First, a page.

By Kelly Passey | Updated on Feb 11, 2014 11:36:00 PM
Apple’s new product debuts are known to be ‘must-see TV’ for gadget geeks. We all get excited about the BIG announcements, such as the iPhone 5S or the iPad Air. But as is typical with Apple, there are smaller debuts tucked into these presentations that trigger very big waves in other, less consumer-focused industries. The most recent example of this is iBeacon.
iBeacon is Apple’s latest attempt to insert themselves into retail services (they continue to stop just short of a full payment solution, but they’re inching ever so close). Basically, iBeacon utilizes Bluetooth Low Energy (BLE) to connect consumers and their iPhones with main street (retailers) via small beacons placed throughout the merchant’s brick-and-mortar store. This technology enables the merchants to send push notifications with hyper-relevant messages based on where someone is located (down to the aisle), lure them into the store and promote certain products/services.
A customer is near the denim section? “All jeans are 10% off today!” is the type of message that may pop up on a phone. And it works: According to RetailMeNot, 51% of consumers admitted they would be more likely to buy an item, even one that isn’t from their preferred brand, if they received a mobile coupon while in-store.
Geocommerce is hot, and Apple isn’t the only one trying to get into the game. Early in September 2013, PayPal unveiled their take on it called “Beacon.” Beacon focuses more on hands-free payments, but the concept is the same: outline a location with electronic fenceposts that talk back and forth with a consumer's phone to enable instant commerce away from the POS. And companies like Qualcomm and their Gimbal platform are enablers with their SDK to power developers and new start-ups wanting to play in the space, or those simply wanting to deploy their off-the-shelf Beacons as well.
But, once again – we arrive at a familiar crossroads – the technology has been developed, there is a bit of early adopter consumer interest, investors are beginning to line up, and yes - a handful of merchants have begun to test. Yet, like mobile wallets, geocommerce systems are likely going to face a healthy adoption curve.
Here is my take on three things that need to happen for these systems to speed that curve and propel the consumer adoption that will be critical for long-term success:
Consumers won’t adopt until merchants are on board, and merchants aren’t interested if consumers aren’t signing up. The primary solution to this chicken-and-egg scenario is simple: merchants are critical players at the table to any new payment or marketing solution, whether push or pull. They must be engaged early on.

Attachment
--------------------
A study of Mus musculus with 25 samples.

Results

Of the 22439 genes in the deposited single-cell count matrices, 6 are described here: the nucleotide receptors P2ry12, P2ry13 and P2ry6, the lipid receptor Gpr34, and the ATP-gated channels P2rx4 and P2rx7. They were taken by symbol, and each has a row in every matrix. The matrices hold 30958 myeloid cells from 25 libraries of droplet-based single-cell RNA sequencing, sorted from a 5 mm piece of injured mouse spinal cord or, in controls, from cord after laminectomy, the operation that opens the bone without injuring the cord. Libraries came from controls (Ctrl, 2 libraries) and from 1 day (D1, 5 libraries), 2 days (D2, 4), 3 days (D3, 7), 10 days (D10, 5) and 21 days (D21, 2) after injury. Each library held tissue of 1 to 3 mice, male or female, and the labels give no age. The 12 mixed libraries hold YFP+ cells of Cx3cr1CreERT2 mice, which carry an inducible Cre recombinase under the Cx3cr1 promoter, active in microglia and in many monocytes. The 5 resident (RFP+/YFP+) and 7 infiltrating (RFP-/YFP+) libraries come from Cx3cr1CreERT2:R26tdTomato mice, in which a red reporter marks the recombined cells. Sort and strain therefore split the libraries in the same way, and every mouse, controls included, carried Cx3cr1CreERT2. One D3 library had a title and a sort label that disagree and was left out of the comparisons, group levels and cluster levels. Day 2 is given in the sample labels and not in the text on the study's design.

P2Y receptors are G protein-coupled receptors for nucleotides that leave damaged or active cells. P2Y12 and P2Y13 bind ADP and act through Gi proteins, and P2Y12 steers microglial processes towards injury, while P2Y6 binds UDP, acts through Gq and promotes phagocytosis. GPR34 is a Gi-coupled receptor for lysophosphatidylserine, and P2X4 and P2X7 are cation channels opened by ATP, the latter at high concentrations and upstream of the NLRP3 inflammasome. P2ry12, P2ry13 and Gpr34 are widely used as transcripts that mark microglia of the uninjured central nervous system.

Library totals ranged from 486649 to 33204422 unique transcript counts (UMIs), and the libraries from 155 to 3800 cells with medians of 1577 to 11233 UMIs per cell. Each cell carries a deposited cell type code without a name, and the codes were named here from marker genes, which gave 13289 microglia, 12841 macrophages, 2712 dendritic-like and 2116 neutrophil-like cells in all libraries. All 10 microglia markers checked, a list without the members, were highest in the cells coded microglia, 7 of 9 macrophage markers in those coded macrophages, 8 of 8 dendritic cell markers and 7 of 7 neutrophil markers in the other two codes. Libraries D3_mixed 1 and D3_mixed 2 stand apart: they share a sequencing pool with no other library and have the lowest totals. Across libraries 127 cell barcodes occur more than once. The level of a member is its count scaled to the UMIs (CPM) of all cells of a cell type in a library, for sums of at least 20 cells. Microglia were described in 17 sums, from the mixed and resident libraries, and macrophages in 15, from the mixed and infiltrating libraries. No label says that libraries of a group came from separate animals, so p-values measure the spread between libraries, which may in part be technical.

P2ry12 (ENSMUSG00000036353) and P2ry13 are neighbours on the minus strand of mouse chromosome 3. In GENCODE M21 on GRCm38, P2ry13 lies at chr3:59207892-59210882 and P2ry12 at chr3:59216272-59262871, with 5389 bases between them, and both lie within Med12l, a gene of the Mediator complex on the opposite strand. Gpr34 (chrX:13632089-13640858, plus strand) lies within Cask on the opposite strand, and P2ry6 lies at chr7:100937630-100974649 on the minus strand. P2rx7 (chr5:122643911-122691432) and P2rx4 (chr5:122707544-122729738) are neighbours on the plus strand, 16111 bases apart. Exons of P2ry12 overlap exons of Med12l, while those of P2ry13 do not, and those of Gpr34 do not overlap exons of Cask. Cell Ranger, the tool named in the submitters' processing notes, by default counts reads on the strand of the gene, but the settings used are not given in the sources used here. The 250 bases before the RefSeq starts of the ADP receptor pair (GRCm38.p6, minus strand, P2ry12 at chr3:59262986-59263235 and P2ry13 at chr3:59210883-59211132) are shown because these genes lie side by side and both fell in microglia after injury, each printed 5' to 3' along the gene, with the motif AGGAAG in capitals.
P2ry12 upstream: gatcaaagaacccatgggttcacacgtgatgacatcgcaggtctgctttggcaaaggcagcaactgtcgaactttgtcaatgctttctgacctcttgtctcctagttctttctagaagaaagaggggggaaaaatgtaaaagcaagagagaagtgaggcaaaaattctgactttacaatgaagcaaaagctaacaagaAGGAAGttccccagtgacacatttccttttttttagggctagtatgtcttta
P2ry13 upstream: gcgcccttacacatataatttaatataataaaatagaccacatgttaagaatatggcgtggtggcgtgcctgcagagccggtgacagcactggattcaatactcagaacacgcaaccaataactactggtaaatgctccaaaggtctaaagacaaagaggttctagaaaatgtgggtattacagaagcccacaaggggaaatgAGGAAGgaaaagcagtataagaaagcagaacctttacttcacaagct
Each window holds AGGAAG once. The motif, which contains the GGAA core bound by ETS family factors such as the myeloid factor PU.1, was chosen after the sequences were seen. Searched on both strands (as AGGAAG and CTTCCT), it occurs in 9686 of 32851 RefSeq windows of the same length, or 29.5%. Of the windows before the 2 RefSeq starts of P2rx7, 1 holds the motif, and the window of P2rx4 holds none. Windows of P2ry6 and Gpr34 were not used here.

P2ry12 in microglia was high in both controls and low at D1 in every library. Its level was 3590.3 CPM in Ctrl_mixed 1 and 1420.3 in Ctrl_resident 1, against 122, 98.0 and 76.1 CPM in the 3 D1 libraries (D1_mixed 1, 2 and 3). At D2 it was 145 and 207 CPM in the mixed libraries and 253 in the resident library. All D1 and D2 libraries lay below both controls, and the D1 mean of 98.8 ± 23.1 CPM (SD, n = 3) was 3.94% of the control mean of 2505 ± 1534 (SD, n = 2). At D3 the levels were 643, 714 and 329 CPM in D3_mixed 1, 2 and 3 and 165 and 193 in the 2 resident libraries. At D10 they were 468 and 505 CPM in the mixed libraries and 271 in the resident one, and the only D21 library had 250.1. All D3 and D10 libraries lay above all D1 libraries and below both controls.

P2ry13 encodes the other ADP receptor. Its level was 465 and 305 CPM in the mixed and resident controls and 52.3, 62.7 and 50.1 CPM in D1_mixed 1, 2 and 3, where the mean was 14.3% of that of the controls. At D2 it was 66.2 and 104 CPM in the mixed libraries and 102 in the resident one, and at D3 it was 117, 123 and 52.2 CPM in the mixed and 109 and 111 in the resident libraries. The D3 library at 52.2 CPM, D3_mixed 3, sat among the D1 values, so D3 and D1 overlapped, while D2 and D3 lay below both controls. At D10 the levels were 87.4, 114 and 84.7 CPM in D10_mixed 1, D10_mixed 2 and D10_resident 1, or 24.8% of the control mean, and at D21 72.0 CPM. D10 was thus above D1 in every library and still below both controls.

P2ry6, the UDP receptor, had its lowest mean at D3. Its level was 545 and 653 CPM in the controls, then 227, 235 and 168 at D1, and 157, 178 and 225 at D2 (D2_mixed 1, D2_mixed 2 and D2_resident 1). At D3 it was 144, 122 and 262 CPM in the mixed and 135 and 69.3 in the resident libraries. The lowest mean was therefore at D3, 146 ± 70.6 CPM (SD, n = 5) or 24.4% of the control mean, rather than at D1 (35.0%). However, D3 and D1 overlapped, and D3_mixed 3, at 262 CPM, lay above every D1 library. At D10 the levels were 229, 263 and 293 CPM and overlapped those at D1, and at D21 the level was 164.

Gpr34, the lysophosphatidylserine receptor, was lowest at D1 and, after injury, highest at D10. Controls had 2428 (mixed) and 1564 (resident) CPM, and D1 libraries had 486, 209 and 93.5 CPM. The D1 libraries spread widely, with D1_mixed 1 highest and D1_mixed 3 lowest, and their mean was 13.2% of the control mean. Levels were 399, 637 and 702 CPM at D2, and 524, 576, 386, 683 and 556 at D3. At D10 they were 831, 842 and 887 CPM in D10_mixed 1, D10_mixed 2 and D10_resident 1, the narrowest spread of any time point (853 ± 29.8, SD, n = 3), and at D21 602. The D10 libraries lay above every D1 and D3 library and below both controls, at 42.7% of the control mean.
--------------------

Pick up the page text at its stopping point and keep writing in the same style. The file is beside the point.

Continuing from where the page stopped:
The days of throwing out a 50% offer aren’t over, but many merchants have learned hard lessons taught by a deal gone awry. Marketers and merchants have to work together to craft the right offer based on merchant goals.Example: a merchant with an average ticket of $75 promotes a threshold offer, $20 off a $100 purchase.
This delivers a larger basket size than the merchant’s average sale and can be targeted to those people who haven’t already spent more than a few minutes in the store, or haven’t even entered the store yet.
These are the types of messages consumers are looking for, and in turn they’ll deliver incremental, profitable business to the merchant.
It must be simple and cheap for merchants to adopt the technology. That means no expensive hardware, no complicated procedures that require extensive associate training, and no negative disruption to the consumer shopping experience. The simpler the setup and execution, the quicker the merchants and consumers will see the benefit. (I’m personally encouraged by Qualcomm’s price point)
There are other considerations that will play a key role in the adoption process, such as the responsible collection and use of data, but the provider that places as much focus on building merchant content as technology building will be in position to set the adoption curve.
Geocommerce gives marketers an opportunity to place the right messages and deals in the hands of the right customer at the right time. Everyone involved in this industry needs to be working closely with merchants to understand their goals and the behaviors of their target audiences. Delivering superior value to consumers that turns into incremental profits for merchants is the simplest way to load the funnel for long-term geocommerce success.